With news this week that a top administration procurement official will answer questions about a draft executive order requiring government contractors to disclose political donations, the rhetoric surrounding the move has ratcheted up.
Chaired by Rep. Darrell Issa (R-Calif.), the House Oversight and Government Reform Committee and the Small Business Committee, led by Rep. Sam Graves (R- Mo.), will hold hearings today about the draft, including an appearance by Office of Federal Procurement Policy Administrator Dan Gordon.
The hearing “Politicizing Procurement: Would President Obama’s Proposal Curb Free Speech and Hurt Small Business?” will also hear testimony from a a number of legal professionals and representatives of industry, such as Alan Chvotkin, executive vice president and counsel of the Professional Services Council, which represents scores of government contractors.
“The truth is that political contributions currently are not, and should not, be disclosed as part of the bidding and source selection process for federal contract awards,” Chvotkin will say, according to his prepared remarks. Chvotkin adds there is no evidence that campaign contributions have an impact on agency procurement decisions. “Yet the draft executive order takes the ill-conceived approach of injecting the very information into the contracting process.”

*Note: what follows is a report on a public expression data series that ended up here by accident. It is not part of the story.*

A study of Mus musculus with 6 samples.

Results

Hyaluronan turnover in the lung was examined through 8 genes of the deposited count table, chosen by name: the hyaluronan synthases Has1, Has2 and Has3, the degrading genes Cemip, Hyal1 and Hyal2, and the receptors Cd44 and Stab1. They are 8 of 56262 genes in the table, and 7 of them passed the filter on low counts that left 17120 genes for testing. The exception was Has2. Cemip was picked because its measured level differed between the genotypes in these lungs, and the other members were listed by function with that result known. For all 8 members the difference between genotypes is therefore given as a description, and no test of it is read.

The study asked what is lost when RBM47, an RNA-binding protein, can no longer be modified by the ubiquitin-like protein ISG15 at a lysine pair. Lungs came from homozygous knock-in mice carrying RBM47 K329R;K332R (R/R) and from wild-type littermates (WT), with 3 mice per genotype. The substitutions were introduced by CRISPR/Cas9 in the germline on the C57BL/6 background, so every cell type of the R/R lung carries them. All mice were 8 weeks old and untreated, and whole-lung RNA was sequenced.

The administration has maintained that the order would increase openness and transparency. Open-government groups, such as OMBWatch contend that disclosing political contributions would put an end to corporate influence-peddling.
For a complete list of witnesses and more information about the hearings, click here.